The Conservatives are demanding a fresh Commons statement over the bugging of an MP which they say has made a "liar" of the Prime Minister Gordon Brown.
Sadiq Khan MP was bugged during a prison visit
It followed the revelation Home Office and Ministry of Justice officials were told about the incident in December.
Shadow home secretary David Davis said the case made the PM a "liar" as it countered prime ministerial pledges to protect MPs from bugging.
Commons leader Harriet Harman said Mr Davis should "apologise" to Mr Brown.
She told BBC Radio 4's World at One there was "no justification" for his accusation.
PM's promise 'broken'
It follows claims counter-terrorism officers secretly recorded discussions between Tooting MP Sadiq Khan, a government whip, and a constituent he was visiting in jail.
Justice Secretary Jack Straw and Home Secretary Jacqui Smith had not been aware of the incident until the Sunday Times reports emerged this weekend.
But the fact officials in their departments knew in December led Mr Davis to say the case raised questions over "who is in charge" of surveillance in the UK.
"Why was this allowed to happen without ministerial knowledge?" he said. "When it was discovered in December, they didn't tell Jack Straw or Jacqui Smith.
"These intercepts have broken a prime ministerial promise. They involve the intercept of the justice whip - someone who works with Mr Straw.
"This is a very serious issue. It's a breach of a prime ministerial undertaking to Parliament, so it makes the prime minister a liar, basically."
The conversations alleged to have been recorded took place in 2005 and 2006 at Woodhill Prison.
They were between Mr Khan and Babar Ahmad - a constituent and childhood friend - who is in prison awaiting extradition to the US.
He is accused there of running websites supporting the Taleban and Chechen terrorists, though he faces no charges in the UK.
A 40-year-old code known as the Wilson Doctrine forbids - or was thought to forbid - the covert recording of conversations between MPs and their constituents.
Mr Davis said: "It is beyond belief that the department would not flag up to a minister that the Wilson Doctrine had been broken within the department.
"It now appears that Mr Straw is in as little control of his department as the home secretary is of hers."
Lib Dem leader Nick Clegg said the incident was "the inevitable result of the government's continual erosion of individual liberty".
"Many of those MPs who have protested about the bugging of Mr Khan are the ones who supported the government's ID card scheme and the retention of the DNA of people who have never been charged with any crime."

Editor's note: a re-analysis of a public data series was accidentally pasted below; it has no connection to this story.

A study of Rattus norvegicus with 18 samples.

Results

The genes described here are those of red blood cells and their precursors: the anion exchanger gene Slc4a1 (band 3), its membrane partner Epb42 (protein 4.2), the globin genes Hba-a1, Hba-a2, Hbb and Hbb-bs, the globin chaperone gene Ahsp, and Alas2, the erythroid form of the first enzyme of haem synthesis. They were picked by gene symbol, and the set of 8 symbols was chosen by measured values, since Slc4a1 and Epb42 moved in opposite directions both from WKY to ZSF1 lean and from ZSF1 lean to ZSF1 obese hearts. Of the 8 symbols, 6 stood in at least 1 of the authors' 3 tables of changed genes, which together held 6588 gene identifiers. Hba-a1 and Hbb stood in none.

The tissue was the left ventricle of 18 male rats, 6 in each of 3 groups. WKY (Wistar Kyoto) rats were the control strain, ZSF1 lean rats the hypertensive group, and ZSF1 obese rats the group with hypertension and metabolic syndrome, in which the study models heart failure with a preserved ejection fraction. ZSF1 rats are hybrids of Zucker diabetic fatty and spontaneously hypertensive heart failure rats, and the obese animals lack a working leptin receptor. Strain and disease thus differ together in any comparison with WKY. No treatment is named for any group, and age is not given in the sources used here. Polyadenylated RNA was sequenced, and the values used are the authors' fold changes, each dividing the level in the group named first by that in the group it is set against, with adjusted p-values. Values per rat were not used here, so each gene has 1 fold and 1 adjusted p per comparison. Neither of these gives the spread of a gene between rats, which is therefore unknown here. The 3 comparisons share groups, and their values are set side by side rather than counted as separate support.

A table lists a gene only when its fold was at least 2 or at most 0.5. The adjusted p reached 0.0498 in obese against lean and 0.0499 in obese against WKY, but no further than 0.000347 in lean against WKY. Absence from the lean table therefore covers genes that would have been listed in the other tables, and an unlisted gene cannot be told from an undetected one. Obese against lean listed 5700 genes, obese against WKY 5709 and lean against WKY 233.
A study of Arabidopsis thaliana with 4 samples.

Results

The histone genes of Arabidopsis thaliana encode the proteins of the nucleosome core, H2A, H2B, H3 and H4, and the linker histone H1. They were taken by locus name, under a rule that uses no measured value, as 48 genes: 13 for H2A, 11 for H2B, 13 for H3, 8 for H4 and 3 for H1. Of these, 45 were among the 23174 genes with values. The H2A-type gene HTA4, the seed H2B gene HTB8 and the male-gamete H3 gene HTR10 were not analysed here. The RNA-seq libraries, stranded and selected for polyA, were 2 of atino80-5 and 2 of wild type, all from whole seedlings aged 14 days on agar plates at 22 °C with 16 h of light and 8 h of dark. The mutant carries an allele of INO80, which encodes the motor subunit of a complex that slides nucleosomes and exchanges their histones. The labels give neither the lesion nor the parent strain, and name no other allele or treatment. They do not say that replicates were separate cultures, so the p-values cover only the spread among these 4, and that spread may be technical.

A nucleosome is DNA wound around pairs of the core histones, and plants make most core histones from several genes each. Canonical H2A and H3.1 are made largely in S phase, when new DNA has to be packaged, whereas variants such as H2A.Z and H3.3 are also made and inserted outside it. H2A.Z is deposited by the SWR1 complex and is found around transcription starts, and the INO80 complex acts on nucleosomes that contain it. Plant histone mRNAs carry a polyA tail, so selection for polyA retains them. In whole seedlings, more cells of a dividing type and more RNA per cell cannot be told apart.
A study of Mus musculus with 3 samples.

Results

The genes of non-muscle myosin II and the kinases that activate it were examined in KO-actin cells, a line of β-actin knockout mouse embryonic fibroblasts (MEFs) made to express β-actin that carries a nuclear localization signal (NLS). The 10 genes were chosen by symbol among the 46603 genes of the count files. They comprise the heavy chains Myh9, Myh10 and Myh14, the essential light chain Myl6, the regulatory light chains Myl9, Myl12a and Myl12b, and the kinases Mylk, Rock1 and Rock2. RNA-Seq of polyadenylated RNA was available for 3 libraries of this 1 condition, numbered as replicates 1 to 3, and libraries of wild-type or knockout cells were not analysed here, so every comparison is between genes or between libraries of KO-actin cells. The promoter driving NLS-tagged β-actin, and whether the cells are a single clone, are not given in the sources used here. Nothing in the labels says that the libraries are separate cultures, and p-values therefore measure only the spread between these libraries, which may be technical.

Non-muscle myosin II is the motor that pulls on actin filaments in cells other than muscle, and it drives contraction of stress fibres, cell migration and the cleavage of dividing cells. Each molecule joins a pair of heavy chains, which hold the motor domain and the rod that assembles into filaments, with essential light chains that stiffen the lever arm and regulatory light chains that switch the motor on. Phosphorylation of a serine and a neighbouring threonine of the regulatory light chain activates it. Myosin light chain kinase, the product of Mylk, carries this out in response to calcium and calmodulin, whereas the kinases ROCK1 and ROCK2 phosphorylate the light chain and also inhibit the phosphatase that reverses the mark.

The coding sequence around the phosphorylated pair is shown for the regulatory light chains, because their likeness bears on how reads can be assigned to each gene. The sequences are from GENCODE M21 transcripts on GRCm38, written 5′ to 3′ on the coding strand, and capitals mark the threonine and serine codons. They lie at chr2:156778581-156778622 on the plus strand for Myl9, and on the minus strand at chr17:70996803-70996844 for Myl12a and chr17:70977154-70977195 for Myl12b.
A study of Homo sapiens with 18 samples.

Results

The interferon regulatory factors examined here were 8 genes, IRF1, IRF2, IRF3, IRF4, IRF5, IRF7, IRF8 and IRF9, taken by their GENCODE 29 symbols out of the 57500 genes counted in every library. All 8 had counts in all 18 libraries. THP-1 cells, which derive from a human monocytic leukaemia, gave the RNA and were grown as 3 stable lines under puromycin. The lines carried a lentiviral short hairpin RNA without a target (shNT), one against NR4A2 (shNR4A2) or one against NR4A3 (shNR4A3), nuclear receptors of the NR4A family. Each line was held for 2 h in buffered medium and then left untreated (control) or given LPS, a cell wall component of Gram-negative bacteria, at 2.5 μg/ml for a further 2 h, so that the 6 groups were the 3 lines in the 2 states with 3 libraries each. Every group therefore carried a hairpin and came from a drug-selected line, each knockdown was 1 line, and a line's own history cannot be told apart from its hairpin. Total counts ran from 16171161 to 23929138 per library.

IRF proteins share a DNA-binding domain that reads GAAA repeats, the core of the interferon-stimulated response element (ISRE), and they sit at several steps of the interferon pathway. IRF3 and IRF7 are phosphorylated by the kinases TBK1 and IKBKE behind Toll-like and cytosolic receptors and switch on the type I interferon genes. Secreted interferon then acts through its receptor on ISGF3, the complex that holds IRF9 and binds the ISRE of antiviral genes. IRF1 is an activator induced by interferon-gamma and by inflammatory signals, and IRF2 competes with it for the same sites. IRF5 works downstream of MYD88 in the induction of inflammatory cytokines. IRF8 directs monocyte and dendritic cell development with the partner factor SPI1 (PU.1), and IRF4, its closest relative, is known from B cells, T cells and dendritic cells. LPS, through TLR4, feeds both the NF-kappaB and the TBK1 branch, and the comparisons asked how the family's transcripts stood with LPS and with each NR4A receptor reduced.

Meanwhile, the ex-police officer who claims he bugged Mr Khan's visit to Mr Ahmad says his life is "at risk" after the case was leaked to the media.
Mark Kearney, a former police intelligence officer at Woodhill Prison in Milton Keynes, says he did not think it was right to bug Mr Khan.
May 2005 & June 2006:Sadiq Khan MP's visits to Babar Ahmad are recorded
December 2007:Home Office and Ministry of Justice officials informed of incident
11 December 2007:Letter sent by Tory David David to prime minister. No record of letter received
2nd February 2008:Jack Straw informed ahead of Sunday Times revealing details
But he claimed the Met Police put him under "significant pressure" to do so.
The former Thames Valley Police sergeant, who was working at the jail, faces charges - unrelated to the bugging claims - of leaking information to a local newspaper.
He told the BBC he was "shocked and disgusted" that the case had been leaked to the media.
"I believe it puts my life and safety at risk," he said. "I would also like to say I am quite prepared to cooperate with any inquiry so it can reach a proper conclusion."
Mr Straw announced on Monday that Chief Surveillance Commissioner Sir Christopher Rose is to head an inquiry into the allegations.
He said Sir Christopher, a former Court of Appeal judge, would try to find out under whose authority any bugging was carried out and would present his findings within two weeks.
Mr Straw insisted that a chief police officer had to authorise eavesdropping operations, adding that "ministers play no part in these authorisations".